A Trumpet Made Of Bullets And The Kids Who Inspired It Take Hope Around The Country
Everyone knows what a trumpet looks like: shiny brass. But the Instrument of Hope is mostly black.
Except for the lead pipe — the straight part that extends from the mouthpiece.
It's made of bullets.
"Bullets that were shot and fired out of a gun, cut up and pieced together," says Josh Landress, who made it.
The Instrument of Hope was inspired by an organization called Shine MSD — which stands for Marjory Stoneman Douglas, the Parkland, Fla., high school where 17 people were killed in a mass shooting on Feb. 14, 2018. Shine MSD is an organization of Parkland students and their parents whose mission is to promote healing through the arts — and through this instrument, which is touring the country.
But making a trumpet out of bullets was complicated, which is why Landress was a little hesitant when he got a call from Matt McKay, the executive creative director at Publicis Worldwide, an advertising and public relations firm. McKay heard about the Shine students and offered to donate his time to help spread their message.
"The message being, don't forget about these horrific events that happen," says McKay. "Something happens, the news is all over it for days and days and days and then all of a sudden it's just back to the same old thing. And there's a small amount of people that get impacted by these things that can't go back so the same old thing."
Two of the Parkland students who formed Shine are Sawyer Garrity and Andrea Peña. Garrity says that they were in drama class on the day of the shooting.
"The day right after, a lot of us went to Andrea's house and we just painted. ... I think that was kinda the first realization of art being therapeutic, 'cause that was the first thing we did," Garrity says. "We were listening to Glee music and random playlists just painting. And that made us feel even just a little bit better."
That weekend, Garrity says she and Peña started writing a song together called "Shine."
"I know Andrea and I, we both turn to music — it's something we both turn to when we're feeling any emotion," Garrity says. "And I think, what happened at our school, we were just left feeling so many emotions that we didn't know how to deal with. And so we just kinda poured it all into this song."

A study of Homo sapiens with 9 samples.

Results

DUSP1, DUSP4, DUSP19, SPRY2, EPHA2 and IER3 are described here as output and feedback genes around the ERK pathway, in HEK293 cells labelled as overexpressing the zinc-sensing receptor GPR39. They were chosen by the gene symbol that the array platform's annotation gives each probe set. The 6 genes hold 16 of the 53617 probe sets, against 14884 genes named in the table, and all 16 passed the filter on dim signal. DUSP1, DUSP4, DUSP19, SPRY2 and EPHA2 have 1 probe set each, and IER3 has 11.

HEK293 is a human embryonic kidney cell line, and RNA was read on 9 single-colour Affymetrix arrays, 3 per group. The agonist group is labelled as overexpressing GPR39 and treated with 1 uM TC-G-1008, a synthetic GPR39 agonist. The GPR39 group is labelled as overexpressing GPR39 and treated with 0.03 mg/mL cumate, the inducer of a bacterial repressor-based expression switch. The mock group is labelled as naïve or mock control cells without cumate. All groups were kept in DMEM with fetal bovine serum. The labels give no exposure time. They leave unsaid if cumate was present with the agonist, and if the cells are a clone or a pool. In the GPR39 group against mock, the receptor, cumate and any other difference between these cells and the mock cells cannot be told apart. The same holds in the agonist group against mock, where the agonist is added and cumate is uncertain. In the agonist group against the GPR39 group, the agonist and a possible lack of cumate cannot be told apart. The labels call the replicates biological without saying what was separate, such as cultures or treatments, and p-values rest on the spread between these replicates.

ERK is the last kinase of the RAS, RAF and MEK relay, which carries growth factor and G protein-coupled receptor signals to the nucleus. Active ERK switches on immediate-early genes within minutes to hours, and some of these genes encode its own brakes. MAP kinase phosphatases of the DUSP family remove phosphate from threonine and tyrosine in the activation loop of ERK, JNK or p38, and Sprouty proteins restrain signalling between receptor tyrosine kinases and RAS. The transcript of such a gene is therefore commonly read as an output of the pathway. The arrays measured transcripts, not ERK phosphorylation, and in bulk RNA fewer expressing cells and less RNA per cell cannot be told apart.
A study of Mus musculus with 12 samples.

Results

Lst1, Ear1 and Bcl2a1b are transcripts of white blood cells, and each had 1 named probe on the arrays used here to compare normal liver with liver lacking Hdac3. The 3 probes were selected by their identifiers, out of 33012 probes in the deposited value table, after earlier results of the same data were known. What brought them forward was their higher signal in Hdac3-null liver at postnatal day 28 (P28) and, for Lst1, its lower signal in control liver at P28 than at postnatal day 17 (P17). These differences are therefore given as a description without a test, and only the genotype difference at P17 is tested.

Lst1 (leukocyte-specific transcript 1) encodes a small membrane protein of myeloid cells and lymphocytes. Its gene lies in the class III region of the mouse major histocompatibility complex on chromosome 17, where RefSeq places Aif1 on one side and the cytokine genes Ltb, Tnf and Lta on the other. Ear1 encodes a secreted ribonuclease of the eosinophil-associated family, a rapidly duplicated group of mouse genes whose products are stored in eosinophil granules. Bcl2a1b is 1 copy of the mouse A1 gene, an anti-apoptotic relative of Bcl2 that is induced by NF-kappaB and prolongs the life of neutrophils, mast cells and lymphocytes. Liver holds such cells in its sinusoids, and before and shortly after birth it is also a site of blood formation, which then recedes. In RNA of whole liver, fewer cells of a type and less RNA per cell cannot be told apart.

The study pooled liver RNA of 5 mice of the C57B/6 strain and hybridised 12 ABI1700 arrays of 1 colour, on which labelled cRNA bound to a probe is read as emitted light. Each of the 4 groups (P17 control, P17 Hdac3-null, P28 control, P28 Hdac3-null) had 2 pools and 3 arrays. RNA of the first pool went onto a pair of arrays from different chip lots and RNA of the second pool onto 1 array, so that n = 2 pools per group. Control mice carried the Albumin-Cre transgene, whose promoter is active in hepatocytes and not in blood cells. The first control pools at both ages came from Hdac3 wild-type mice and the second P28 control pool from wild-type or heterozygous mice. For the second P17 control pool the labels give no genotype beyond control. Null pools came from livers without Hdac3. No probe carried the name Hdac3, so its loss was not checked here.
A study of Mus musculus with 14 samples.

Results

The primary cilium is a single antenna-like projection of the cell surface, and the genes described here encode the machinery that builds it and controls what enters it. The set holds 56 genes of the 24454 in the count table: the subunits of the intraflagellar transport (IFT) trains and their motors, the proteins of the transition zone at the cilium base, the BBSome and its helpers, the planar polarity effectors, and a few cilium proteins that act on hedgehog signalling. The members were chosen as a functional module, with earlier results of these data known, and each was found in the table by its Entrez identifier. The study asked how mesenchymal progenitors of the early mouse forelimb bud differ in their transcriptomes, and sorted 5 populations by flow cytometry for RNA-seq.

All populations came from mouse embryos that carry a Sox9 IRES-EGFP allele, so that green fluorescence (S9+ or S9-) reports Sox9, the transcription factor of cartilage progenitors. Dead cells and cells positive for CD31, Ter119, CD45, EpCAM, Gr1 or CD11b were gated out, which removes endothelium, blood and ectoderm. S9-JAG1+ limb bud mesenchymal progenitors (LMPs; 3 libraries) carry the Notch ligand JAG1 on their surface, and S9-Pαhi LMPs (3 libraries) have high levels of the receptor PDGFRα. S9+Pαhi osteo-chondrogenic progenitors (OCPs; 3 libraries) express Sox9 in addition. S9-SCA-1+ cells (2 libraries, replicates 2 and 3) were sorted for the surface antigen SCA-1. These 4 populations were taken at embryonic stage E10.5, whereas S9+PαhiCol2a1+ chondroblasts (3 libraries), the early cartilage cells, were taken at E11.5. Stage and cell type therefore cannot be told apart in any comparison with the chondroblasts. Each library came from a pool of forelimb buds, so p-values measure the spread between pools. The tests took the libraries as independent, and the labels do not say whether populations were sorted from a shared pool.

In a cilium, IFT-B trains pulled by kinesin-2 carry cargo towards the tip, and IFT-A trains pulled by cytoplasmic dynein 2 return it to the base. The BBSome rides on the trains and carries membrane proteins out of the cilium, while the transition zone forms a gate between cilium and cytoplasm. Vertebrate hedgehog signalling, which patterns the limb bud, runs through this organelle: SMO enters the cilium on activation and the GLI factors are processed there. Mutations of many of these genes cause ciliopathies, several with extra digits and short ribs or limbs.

They were able to record the song with their classmates at a professional studio in Florida thanks to a producer who donated his time and equipment. Then their parents got involved — and they formed the nonprofit organization named for the song.
But Garrity says it's still really hard. "Because what Shine is doing is we are advocating for healing through the arts. Like healing from trauma and stuff when we still haven't healed from that and we're still learning how to deal with that. And I have people coming who say things to me like, 'Oh you guys are what we want to look to when we want to see how to heal through trauma.' But I guess Shine is kind of looked at as like hopeful and stuff. But it's hard to stay hopeful all the time especially when you go through like what you go through."
The Shine students travel the country when they can, spreading awareness by performing and sharing their story. And at the same time, the trumpet they inspired, the Instrument of Hope, is on its own tour. Musicians and organizations can ask to host it. It made it into the hands of David Streim, who plays trumpet in singer-songwriter Amos Lee's band. It recently made its debut on Broadway, in Oklahoma. And it wound up in the hands of Matt Cappy, who's played with everybody from Tony Bennett to the late Aretha Franklin to the Roots.
And every once in a while, the Instrument of Hope returns to its maker, Josh Landress. On one of those occasions, the Shine kids were also in New York and got a chance to play it.
The visit meant a lot to Landress.
"They were laughing and having fun. To see that happiness come from them from a rough situation was really moving and kind of made me a little choked up. And to also hear their stories, it's so powerful. I couldn't imagine."
And maybe that's why they call it the Instrument of Hope.
Copyright 2020 NPR. To see more, visit https://www.npr.org.